Middle East

Iraq 'to open Baghdad Green Zone'

Iraqi soldier guards the Green Zone (file photo) Image copyright Getty Images
Image caption The Green Zone has been heavily fortified since the US occupation after 2003

Iraqi Prime Minister Haider al-Abadi has ordered officials to open up to civilians the heavily-fortified area of Baghdad known as the Green Zone.

The 10km (four miles) sq area housing government buildings became off-limits to the public as a security measure in the wake of the 2003 US occupation.

It is the latest in a series of steps by Mr Abadi to ease sectarian tensions and crack down on corruption.

Baghdad has seen weeks of protests over poor services and abuses of power.

Earlier this month, in a rare show of unity, the Iraqi parliament backed Mr Abadi's programme to abolish top government posts and cut spending.

On Friday, the prime minister issued instructions to lift restrictions on the Green Zone. It is not clear when the plan will be implemented.

The compound, in the Karkh district on the west bank of the Tigris, is surrounded by concrete walls and heavily guarded by checkpoints and tanks.

It houses former palaces of Iraqi leader Saddam Hussein and was the administrative headquarters of the US occupation authorities. Several foreign embassies, including those of the US and UK, are situated there.

Most Iraqis have been excluded from the Green Zone unless they have special permission, and large bribes have been paid to get round stringent entry procedures, according to AFP news agency.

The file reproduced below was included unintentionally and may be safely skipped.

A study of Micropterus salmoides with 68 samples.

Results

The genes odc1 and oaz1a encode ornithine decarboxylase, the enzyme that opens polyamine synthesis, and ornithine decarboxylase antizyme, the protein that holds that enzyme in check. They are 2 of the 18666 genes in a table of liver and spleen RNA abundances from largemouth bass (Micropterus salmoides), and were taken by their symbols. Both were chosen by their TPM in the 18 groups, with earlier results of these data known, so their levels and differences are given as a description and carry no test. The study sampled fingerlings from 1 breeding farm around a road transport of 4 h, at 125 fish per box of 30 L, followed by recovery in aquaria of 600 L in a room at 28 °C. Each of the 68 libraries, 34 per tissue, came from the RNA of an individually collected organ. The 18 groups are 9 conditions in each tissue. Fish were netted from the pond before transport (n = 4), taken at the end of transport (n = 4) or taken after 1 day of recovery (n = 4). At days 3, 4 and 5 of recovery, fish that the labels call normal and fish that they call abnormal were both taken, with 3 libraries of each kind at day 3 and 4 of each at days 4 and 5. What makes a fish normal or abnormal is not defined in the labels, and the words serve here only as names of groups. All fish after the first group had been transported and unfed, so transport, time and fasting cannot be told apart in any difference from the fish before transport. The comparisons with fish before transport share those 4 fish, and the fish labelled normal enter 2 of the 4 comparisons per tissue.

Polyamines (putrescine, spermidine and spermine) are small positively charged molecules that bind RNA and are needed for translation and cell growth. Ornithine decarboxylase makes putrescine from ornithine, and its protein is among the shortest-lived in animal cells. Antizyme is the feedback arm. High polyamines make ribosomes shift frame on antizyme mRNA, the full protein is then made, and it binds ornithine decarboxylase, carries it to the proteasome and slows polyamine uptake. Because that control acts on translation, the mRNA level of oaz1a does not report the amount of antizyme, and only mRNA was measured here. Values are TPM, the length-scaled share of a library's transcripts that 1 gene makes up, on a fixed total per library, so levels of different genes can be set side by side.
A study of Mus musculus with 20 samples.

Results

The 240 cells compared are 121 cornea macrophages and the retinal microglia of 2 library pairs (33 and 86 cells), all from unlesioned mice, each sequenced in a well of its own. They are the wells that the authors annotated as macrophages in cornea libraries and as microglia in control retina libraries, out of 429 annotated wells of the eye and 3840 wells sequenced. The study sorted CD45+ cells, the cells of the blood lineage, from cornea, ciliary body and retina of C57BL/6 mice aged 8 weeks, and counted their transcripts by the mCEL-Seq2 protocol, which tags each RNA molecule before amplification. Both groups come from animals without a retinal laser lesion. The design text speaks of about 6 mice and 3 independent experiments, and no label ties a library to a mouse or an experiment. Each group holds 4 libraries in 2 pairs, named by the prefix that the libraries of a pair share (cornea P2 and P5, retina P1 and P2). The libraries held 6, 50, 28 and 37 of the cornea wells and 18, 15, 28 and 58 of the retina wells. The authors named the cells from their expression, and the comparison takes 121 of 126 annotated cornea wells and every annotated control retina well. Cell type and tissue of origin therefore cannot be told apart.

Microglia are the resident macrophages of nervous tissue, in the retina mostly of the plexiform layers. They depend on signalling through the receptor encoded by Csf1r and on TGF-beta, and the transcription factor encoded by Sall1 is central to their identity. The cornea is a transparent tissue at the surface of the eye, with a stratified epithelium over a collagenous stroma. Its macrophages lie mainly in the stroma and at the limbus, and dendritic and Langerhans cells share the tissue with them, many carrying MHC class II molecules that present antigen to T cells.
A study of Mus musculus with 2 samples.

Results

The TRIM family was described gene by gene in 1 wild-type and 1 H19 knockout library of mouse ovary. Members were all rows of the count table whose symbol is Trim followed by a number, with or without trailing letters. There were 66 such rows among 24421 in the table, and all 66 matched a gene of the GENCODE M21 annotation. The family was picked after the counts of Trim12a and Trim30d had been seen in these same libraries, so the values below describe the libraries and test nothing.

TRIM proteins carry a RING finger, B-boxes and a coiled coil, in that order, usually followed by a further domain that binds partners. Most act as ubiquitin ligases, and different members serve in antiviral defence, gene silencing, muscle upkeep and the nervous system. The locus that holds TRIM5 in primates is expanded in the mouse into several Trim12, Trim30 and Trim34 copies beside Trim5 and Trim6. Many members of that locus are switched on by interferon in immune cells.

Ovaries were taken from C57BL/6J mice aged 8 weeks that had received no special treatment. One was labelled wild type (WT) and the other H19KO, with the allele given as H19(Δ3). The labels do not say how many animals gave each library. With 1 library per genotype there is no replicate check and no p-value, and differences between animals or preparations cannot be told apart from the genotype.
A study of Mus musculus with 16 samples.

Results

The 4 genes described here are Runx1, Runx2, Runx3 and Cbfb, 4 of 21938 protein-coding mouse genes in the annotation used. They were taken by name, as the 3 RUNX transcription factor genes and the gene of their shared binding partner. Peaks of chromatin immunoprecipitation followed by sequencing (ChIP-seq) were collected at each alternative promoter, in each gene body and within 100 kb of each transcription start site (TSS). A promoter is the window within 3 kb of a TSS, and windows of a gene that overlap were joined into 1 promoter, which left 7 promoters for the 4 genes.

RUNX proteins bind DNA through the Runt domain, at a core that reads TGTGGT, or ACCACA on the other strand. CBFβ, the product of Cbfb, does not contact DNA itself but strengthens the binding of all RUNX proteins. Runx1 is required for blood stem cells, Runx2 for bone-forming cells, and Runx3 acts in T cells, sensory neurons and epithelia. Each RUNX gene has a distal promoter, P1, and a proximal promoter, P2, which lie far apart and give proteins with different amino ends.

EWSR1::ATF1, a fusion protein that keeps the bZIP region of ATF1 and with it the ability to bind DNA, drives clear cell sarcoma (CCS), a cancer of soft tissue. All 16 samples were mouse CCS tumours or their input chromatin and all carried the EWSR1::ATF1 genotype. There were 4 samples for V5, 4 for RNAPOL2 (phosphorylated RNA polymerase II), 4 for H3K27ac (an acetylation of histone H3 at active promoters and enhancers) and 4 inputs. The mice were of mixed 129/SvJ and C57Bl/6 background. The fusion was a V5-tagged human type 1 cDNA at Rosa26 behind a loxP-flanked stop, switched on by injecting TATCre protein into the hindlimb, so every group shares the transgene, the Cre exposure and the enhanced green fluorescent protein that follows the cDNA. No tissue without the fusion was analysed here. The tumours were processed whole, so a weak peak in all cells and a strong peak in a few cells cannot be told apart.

Image copyright AP
Image caption Iraqis have been protesting against corruption and a lack of basic services, including electricity

The zone has been targeted by bombings and rockets over the years, and the fortification measures were aimed at making it more secure, although attacks in Baghdad are still commonplace.

Mr Abadi also ordered the removal of barriers and checkpoints set up on main roads and sidestreets in Baghdad and elsewhere by prominent figures and militias.

The order to lift the restrictions is part of a series of measures to defuse tensions and root out corruption. A panel will also be set up to recover state property appropriated by elites which are found to have been illegally obtained.

In recent weeks, thousands of Iraqis have taken to the streets in Baghdad and other cities to protest against the failure to provide basic services and against corruption.

They have been backed by Iraq's preeminent Shia cleric Grand Ayatollah Ali al-Sistani and powerful Shia militia leader, Moqtada Sadr.